Comfort and visibility

The Volvo XC60 is a very comfortable car to live with. Long journeys melt away thanks to the extremely comfortable front seats that provide excellent support. All models get full leather upholstery and power-adjustable lumbar support for the front seats, with full power adjustment available on higher-spec trims.

Visibility out the front and sides is great, aided by a commanding, comfortable driving position. That said, over-the-shoulder visibility is, like most rivals, a slight weak spot. Parking isn't too much of a chore, however, thanks to standard rear parking sensors and a 360º parking camera on higher-end trims.

Standard equipment

Up to 2022, the XC60 came with a choice of four trim levels – Momentum, R-Design, Polestar Engineered or Inscription. As standard, Momentum gets alloy wheels, leather upholstery, rear parking sensors and climate control. You also get Apple CarPlay and Android Auto connectivity. Momentum Pro includes a heated steering wheel and a few other techy goodies.

R-Design adds sportier wheels and styling touches, while R-Design Pro adds the same upgrades as Momentum Pro. Polestar Engineered cars start where R-Design leaves off with even larger alloys, a mean body kit and some performance upgrades. Topping the range is Inscription, which includes softer leather and luxurious wood inlays or, in Inscription Pro form, also gains the same 'Pro' kit from the rest of the lineup.

From 2022, Momentum, R-Design and Inscription were swapped out in favour of Core, Plus and Ultimate, with those trims roughly mirroring the previous lineup. Android Auto is no longer offered, but this is because Google services are now natively baked into the XC60's infotainment system, with Google Maps and Spotify readily accessible without needing your phone.

The luxurious features from higher up in the range certainly add desirability to the XC60. Considering the entry-level trim is already well equipped, however, there isn't a pressing need to upgrade to a more expensive example.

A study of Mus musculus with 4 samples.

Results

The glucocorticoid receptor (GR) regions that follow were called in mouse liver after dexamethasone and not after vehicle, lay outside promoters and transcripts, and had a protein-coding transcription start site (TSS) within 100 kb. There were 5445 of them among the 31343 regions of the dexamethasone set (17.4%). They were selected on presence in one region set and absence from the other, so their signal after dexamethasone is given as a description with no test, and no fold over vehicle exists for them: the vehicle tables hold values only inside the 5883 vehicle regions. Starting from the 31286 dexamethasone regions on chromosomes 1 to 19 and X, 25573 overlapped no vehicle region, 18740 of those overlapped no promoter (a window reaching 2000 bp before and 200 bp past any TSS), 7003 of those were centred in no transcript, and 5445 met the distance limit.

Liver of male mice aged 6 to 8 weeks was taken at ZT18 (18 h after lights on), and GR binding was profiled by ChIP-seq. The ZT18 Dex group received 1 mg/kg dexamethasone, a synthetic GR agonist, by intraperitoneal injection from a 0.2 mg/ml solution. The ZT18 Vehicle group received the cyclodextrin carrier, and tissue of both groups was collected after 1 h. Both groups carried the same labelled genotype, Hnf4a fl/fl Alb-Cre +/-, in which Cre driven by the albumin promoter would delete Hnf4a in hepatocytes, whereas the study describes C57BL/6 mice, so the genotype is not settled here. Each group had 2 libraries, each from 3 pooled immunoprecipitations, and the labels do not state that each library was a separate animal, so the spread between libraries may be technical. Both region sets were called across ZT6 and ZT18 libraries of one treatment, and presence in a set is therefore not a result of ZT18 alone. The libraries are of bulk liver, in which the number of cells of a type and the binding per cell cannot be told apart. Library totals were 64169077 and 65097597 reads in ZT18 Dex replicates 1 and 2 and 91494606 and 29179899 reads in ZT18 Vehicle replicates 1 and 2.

Infotainment and audio

Screen sizes in cars have ballooned in recent years, so the nine-inch system in the XC60's dashboard looks a little dated in comparison to more modern rivals. That said, the graphics are clear and easy to read, without some of the visual excess you'll find in some competing systems.

The screen's responsiveness is about average for the class, mostly keeping up with inputs, although selecting certain functions did result in a brief delay as the system loaded. We liked the digital driver's screen behind the wheel – it's easy to read at a glance, once again using clear, unfussy graphics, and pairs well with the built-in sat nav, showing a large map in the instrument cluster.

Newer Volvos have Google software integrated into the infotainment system, including Google Maps. That means the car's built-in sat nav is always up to date and offers to-the-minute live traffic updates and hazard warnings.

While there's nothing outwardly wrong with the XC60's standard stereo, there are no fewer than two separate upgraded stereo systems for better sound quality. First up is a 14-speaker Harman Kardon system promising a tight bass response that's ideal for modern music styles or, for ultimate bragging rights, you can select a Bowers & Wilkins 15-speaker setup that somehow turns the car's cabin into its own subwoofer.

Rear seat space

This is one of the XC60's strongest selling points. There's tonnes of room in the back seats, with space for adults even if they're well over six-foot tall, with an equally tall passenger sat in the front. Few cars in this class, like the BMW X3 or Audi Q3 score poorly in this area, but the XC60 is noticeably larger than all of them in every dimension.

In fact, the only slight gripe we have is that the rear seat backs are slightly narrower than they could be thanks to a leather-lined panel that spans the gap between the side of the seat and the door trim.

Naturally, all that back-seat space also makes the XC60 an excellent family car, with lots of space to wrangle a bulky child seat into position. Access through the doors to buckle your offspring in place is good, although the BMW X3's door openings are fractionally more square.

Boot space

If the XC60's back seats are a solid A+, the boot is more like a B+. The 483-litre space – 468 on plug-in-hybrid models – is large enough for pushchairs, suitcases or a medium-sized dog. However, it's not quite as deep as rivals, with the BMW X3 and Audi Q5 both possessing slightly larger cargo areas.

Access is great, at least. The boot opening is wide and square and, while the edge of the boot itself is quite high, there's no load lip so pulling heavy items out is a little easier. We did notice a very slight rearward slant to the boot floor, however, so round objects could potentially roll out if they're not properly secured.